Several times in the first two books of Tim Pratt’s Axiom Trilogy, characters mention the Vanir System, a human colony with which the other human polities have lost contact. No expedition sent to find out what happened to the colonists has ever returned. In the third and final installment, The Forbidden Stars, we finally discover why the Vanir System has been out of contact. The answer presents new challenges for Callie and the other crewmembers of the White Raven, as well as an escalation of their conflict with the Axiom.

As one would expect from the final volume in a series, The Forbidden Stars resolves several ongoing plot threads. One of these involves the Benefactor, a mysterious individual who’s been feeding the White Raven information about various Axiom facilities. In this book, the Benefactor sends an embodied AI called Kaustikos to accompany the crew on a mission. At first, it might seem like this steps on the toes of Shall, an established character who’s also an AI that often downloads itself into mobile robotic bodies. Pratt is careful to make Kaustikos’s personality and the appearance of his chosen body distinct enough that he doesn’t feel like just Shall 2.0.

Pratt also keeps up his record of introducing interesting and awe-inspiring technologies. The Axiom are played up as being almost godlike, walking advertisements for Clarke’s Law. There’s obviously a delicate balance to maintain in telling stories about such beings. If they don’t live up to their hype, readers will be disappointed. But if they’re too powerful, it will be hard to believe that the main characters could ever fight them effectively. Pratt keeps this balance nicely. When the function of the new Axiom technology discovered by the characters at the beginning of the book is revealed, it’s almost literally gasp-inducing. But because most of the Axiom are still in suspended animation, the conflicts faced by the crew are on a more manageable scale.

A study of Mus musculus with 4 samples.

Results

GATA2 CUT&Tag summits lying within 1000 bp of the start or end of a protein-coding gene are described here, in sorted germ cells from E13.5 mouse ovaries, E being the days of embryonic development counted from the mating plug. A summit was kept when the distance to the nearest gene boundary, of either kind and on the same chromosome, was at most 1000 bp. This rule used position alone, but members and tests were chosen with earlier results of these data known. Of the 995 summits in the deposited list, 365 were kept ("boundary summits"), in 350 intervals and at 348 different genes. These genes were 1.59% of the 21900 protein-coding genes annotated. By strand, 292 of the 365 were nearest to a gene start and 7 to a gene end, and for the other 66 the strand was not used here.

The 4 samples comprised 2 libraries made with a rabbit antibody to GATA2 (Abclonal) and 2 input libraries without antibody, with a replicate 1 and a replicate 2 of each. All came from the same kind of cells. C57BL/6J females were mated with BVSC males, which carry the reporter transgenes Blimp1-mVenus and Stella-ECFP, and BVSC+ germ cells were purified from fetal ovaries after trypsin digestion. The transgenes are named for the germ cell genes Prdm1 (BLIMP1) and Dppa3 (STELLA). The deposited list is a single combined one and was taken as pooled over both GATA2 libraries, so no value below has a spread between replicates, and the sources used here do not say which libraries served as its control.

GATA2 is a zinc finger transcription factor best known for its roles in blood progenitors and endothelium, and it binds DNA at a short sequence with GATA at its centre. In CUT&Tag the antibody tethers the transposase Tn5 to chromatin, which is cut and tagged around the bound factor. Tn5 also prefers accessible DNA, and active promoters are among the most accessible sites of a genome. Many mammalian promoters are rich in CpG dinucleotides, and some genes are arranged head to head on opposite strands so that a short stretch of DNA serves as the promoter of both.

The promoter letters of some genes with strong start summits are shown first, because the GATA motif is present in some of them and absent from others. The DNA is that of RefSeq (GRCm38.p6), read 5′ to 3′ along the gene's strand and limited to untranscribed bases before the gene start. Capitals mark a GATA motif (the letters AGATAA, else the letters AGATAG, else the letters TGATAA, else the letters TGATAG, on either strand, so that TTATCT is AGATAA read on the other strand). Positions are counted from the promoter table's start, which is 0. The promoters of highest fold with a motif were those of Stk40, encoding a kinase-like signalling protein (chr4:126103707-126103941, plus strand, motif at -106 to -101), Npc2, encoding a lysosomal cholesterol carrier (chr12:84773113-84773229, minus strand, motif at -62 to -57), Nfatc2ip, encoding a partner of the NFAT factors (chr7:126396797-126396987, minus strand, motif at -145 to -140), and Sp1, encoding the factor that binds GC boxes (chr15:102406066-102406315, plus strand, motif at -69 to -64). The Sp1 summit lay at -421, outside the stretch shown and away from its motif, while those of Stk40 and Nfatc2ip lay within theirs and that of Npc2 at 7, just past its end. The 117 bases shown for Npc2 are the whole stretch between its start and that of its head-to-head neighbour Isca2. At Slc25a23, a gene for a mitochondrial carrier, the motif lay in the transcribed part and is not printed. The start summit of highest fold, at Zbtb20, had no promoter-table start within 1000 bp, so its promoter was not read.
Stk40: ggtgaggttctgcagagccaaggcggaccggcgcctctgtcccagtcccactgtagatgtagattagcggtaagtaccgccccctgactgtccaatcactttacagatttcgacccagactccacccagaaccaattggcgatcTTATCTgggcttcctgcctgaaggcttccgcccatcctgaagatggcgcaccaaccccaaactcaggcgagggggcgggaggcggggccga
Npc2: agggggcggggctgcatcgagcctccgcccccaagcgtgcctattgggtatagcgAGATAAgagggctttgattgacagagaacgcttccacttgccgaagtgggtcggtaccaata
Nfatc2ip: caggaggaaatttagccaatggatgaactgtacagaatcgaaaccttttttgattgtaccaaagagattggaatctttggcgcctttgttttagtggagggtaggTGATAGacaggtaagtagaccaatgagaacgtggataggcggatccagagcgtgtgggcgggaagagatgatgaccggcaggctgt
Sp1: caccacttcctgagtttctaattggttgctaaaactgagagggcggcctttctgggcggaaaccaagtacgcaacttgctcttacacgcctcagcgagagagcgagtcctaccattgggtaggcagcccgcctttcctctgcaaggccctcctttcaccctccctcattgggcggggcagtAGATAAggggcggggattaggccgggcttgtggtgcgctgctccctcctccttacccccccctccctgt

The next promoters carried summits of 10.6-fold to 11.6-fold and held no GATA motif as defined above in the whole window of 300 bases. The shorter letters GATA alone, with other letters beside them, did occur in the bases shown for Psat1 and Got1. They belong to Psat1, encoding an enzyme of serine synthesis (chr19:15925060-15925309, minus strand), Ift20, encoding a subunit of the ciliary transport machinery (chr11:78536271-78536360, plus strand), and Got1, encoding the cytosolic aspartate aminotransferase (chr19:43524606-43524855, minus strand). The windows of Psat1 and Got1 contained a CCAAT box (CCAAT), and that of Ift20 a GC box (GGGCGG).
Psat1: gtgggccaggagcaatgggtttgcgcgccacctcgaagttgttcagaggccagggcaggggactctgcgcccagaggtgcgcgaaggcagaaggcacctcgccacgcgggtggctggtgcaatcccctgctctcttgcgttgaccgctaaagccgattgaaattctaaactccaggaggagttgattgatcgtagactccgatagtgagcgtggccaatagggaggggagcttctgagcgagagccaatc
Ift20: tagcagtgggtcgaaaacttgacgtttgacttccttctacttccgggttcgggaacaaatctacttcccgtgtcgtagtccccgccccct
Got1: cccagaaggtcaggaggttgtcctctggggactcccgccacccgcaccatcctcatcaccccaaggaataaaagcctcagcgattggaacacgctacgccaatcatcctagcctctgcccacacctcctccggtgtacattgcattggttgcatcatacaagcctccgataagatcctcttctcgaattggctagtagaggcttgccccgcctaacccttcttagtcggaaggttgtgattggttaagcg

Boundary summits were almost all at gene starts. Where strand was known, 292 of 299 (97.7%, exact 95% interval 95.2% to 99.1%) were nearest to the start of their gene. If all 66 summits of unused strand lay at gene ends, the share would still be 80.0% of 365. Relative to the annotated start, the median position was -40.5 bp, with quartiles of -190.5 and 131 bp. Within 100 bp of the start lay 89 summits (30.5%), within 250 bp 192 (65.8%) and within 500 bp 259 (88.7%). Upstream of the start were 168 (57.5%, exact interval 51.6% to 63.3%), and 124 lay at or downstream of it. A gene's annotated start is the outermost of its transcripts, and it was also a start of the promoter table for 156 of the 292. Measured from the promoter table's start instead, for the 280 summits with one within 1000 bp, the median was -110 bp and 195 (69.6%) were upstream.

I do have one minor plot-related quibble. At one point, when Callie and company are in a bad situation, we discover that Callie had planted some devices to thwart the villains in such a scenario. While this is entirely in character for the intelligent and suspicious captain, it wasn’t foreshadowed at all, so it seemed to come out of left field.

I would have been happy to see the Axiom series continue, but The Forbidden Stars does bring both the overall narrative and individual character arcs to satisfying milestones. The trilogy was a fun ride and makes me eager to seek out more of Pratt’s work.